Warning: the first part of this post includes explicit images of very large spiders.
We visit two exhibitions at the Palace of Culture and Science, three generations of us. Not since a day in Broken Hill when I saw “Little women” and “Pulp fiction” in a double bill of my own making have I experienced such an incongruous pairing: this time, spiders and dolls’ houses.
Once an arachnophobe, I can now contemplate bird-eaters with curiosity, and delight in the curiosity of my grandchildren as they play “spot the lurking arachnid”. I see beauty like that of butterflies in the patterning of arachnid backs; I’m intrigued by their web-making capacities; I watch Sally (some spiders have names – there is a Cornelia and a Janek too) with fascination as she moves through the entanglement of her web towards the water bowl. However, I do shudder a little bit at the thought of a 22cm scorpion.
After time with spiders and scorpions, we move through the vastness of the Palace to the recently opened dolls house museum. Maja and Jaś are measured and exceed one metre in height. Children under a metre (and grown-ups over 100) have free entry. The woman selling tickets accompanies us to a shelf of teddy bears: beneath it, a door opens into the enchantments of the miniature.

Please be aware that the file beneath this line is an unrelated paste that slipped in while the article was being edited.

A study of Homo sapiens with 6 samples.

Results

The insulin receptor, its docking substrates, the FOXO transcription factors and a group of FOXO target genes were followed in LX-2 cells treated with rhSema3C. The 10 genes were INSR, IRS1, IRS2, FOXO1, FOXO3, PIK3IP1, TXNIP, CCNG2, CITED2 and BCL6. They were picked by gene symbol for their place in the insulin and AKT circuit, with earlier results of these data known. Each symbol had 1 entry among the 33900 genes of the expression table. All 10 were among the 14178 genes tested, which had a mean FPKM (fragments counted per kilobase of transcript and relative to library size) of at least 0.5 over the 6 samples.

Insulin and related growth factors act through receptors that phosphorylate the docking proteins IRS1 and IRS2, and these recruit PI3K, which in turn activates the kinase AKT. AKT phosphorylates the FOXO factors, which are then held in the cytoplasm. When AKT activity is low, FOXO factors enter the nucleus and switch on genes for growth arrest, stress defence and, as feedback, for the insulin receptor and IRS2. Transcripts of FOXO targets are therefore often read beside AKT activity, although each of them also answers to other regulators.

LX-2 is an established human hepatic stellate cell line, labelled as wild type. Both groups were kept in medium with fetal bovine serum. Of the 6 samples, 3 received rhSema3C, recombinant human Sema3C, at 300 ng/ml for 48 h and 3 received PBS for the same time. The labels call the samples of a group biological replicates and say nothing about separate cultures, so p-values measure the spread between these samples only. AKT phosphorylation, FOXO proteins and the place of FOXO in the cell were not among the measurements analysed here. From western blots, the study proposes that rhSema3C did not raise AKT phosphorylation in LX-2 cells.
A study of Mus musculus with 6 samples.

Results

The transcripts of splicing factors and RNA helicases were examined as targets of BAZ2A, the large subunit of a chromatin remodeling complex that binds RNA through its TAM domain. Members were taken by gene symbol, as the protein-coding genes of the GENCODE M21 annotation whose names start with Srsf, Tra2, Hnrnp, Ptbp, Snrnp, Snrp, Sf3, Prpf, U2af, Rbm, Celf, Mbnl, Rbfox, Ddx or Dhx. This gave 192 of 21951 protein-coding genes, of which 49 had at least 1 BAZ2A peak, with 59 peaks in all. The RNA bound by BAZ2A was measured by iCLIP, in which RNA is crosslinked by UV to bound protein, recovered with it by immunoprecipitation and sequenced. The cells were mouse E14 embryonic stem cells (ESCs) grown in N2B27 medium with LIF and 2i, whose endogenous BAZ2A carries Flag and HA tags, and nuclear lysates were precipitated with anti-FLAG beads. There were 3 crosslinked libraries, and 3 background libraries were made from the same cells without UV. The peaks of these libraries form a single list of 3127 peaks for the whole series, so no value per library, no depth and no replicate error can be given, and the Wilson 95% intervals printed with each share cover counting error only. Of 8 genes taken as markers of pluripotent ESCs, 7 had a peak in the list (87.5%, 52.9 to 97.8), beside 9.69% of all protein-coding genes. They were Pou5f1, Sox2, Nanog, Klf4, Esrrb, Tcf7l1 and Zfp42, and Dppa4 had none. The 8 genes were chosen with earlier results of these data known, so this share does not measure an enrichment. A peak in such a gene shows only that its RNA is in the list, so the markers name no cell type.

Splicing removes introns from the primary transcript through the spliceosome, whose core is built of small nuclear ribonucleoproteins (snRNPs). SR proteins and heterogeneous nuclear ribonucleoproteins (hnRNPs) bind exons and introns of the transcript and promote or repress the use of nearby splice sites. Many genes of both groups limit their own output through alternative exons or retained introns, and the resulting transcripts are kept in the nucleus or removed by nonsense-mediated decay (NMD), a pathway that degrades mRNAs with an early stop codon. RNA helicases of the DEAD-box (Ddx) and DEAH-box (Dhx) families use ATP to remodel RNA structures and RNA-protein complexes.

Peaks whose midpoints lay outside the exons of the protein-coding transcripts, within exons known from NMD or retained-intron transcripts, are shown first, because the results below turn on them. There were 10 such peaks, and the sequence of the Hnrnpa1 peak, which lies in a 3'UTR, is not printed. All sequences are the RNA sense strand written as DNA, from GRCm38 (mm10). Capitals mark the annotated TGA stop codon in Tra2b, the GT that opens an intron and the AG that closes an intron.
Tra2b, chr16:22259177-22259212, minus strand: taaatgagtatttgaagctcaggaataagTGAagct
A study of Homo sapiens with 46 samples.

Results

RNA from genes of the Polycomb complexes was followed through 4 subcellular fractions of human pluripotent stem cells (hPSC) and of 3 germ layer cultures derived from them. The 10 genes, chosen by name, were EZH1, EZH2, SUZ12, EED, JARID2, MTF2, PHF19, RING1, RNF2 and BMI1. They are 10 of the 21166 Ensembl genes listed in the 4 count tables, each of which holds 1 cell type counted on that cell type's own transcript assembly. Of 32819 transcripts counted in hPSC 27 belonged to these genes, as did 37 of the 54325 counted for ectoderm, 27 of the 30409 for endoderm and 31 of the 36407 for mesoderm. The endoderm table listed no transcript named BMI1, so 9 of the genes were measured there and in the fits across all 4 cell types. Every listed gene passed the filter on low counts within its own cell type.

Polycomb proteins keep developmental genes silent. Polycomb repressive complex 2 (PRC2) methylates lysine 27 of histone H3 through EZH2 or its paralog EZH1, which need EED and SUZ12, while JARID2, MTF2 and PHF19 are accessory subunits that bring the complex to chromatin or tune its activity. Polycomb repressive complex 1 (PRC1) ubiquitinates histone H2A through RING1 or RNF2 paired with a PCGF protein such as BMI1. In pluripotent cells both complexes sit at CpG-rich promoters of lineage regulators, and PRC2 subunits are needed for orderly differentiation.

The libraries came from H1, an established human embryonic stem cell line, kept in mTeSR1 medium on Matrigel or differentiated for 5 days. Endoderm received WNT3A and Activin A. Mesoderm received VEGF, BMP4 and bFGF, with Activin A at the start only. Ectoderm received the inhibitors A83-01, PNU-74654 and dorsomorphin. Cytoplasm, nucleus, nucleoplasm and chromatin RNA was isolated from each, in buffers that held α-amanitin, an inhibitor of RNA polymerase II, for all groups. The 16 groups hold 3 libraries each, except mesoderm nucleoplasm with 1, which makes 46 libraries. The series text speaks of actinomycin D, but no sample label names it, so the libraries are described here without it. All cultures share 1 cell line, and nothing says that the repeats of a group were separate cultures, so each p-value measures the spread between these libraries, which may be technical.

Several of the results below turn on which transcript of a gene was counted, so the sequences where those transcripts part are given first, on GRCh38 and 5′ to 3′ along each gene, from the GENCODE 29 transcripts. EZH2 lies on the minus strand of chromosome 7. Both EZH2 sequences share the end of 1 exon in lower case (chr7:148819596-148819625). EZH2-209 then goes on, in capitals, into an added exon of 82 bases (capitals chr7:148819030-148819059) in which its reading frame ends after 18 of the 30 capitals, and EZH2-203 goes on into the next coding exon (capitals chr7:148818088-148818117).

There is great variety including folk art rooms; a writer’s room complete with crumpled paper and a glass of wine; a yurt bedizened with carpets and jewellery; a classroom of mice.
I think my favourites are the miniature shops, especially the post office with its tiny letters and parcels; and the dress material shop with its minute hanks of cotton and rolls of fabric.
A bonus is a gallery of drawings by children of their dream houses.
From the gallery stairs I look down on the twinkling scene: magical – and a photographer’s nightmare!